Reaping a Samoan Harvest
Ethnic congregation in California city finds favor in the community.Harvest Samoan Assembly of God in Patterson, California, started in 2009 with 25 people and a vision to serve the community. A decade later, appreciative city leaders are supportive as the church prepares to build a new facility and expand ministry.
New companies locating in Patterson, combined with reasonable housing costs, have attracted Samoans moving inland from coastal areas. The city of 22,000 also has a large Hispanic population, many working on plantations that give the area its “apricot capital” nickname. Other islanders, some U.S.-born, as well as various intermarriages between people groups, make Harvest Assembly truly multiethnic. Most are U.S. citizens or in the citizenship process, and over one-third of the 125 regulars are youth and children.
Pastor Hercules Lasi Lofa preaches the Sunday service first in English, the primary language of younger congregants. He then follows with a second sermon in Samoan. Lofa, 55, answered the call to ministry in his native Western Samoa before serving a Samoan AG church in Hawaii as youth pastor for three years and Carson Samoan Assembly in California as assistant pastor for 12 years. He and his wife, Iole, have pastored in Patterson since 2012. The church is part of the AG Samoan District.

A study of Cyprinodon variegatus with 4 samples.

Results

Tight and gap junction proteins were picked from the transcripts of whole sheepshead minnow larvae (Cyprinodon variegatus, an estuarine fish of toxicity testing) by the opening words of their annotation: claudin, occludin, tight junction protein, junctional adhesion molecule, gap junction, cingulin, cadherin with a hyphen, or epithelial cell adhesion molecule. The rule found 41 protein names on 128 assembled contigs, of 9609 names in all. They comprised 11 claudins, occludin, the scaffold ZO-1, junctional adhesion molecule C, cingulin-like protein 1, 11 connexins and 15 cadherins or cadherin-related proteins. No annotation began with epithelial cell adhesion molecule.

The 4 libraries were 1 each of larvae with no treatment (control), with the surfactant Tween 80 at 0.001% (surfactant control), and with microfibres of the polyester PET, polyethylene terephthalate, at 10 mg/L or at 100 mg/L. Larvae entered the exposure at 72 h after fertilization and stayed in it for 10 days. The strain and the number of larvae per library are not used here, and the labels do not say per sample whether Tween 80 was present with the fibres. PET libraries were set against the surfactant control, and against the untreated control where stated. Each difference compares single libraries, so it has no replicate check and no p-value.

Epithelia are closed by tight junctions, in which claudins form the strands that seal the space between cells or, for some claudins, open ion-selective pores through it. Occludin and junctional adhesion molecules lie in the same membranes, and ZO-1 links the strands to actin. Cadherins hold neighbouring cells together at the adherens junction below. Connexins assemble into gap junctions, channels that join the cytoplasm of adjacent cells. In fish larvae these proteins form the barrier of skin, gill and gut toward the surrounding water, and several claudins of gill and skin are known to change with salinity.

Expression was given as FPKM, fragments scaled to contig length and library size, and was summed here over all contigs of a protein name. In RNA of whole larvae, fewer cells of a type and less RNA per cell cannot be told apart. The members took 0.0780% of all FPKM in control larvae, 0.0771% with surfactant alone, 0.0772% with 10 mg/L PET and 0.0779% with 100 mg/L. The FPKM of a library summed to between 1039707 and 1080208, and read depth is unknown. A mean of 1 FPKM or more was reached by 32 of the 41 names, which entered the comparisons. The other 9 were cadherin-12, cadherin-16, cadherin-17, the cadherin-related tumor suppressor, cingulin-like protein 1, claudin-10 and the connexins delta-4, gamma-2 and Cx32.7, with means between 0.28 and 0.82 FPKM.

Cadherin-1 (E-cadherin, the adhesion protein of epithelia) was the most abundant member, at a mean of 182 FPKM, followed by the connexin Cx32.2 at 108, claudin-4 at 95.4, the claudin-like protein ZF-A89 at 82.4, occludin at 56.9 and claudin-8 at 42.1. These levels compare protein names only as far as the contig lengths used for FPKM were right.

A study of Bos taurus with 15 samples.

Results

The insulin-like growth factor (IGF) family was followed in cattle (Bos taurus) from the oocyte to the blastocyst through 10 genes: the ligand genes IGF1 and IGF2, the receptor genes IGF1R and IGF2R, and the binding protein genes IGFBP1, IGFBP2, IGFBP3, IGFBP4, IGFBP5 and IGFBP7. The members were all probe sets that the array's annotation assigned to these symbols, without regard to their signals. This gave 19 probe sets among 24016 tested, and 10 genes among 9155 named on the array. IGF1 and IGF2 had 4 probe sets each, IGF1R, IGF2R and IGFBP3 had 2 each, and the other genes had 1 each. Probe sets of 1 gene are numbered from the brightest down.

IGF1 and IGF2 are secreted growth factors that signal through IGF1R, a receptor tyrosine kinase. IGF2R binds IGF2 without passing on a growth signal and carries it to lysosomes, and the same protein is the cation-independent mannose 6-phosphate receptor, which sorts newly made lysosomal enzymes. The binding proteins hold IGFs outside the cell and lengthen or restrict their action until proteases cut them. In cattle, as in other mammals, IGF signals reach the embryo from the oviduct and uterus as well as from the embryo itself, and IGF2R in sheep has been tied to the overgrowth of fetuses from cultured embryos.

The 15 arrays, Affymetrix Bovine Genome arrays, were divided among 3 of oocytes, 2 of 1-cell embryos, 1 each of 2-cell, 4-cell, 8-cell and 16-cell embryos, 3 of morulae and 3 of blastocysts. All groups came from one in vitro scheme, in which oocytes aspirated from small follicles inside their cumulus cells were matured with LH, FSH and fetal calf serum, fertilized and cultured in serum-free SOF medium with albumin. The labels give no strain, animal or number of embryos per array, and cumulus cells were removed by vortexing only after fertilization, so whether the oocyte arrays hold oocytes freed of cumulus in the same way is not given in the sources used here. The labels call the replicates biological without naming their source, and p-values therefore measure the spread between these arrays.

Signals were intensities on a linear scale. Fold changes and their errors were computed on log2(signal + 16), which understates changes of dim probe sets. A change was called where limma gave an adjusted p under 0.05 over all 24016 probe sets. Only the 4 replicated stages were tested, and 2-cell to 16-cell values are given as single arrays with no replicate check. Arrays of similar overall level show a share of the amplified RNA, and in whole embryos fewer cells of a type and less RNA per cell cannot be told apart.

Renting facilities from another church, the congregation began outreach through serving. The church held regular Saturday prayer walks, and the youth assisted neighborhood elderly with cutting grass and other home maintenance. At the suggestion of a youth group member, a Thanksgiving outreach began six years ago. Neighborhood families join in fun activities, hear worship music and a message, and receive a free turkey. In 2019, the event was restructured to include a hot meal.
The church is also in its fifth year hosting a prayer breakfast for community leaders and first responders. Local pastors take turns giving the message, with Harvest Assembly providing and serving the meal.
Other churches and community leaders have taken notice, according to Lofa. Needing more room for ministry, the congregation started a building fund, and last year purchased nearly two acres debt-free after the property owner, believing in the church’s ministry, significantly lowered the price.
Fresh Start Builders of Lodi, California, led by Rick Souza, will be the contractor for the new building. Souza served several years as an appointed Assemblies of God world missionary leading Missions Abroad Placement Service teams around the globe. He worked with various island populations in their native countries, and back in the U.S., served the AG Northern California-Nevada District as director of church construction and field consultant for the missions board.
Souza, 67, is currently executive director for Adult & Teen Challenge Faith Home Network in California. He established Fresh Start Builders as a self-supporting business to provide quality building services while giving Teen Challenge staff and students the opportunity to learn a trade and contribute financially to the ministry. Souza’s overseas missions experience is especially valuable to ethnic congregations, which are often unfamiliar with complex U.S. building permit processes.
Harvest Samoan Assembly’s commitment to serving has led to positive response and rapid turnaround time in obtaining the city’s approval, including conditional use permits, for the new facility.
“The planning commission was definitely favorable, due to the church’s investing in the community,” says Souza. Construction begins soon, with the goal of the facility being ready by the end of the year.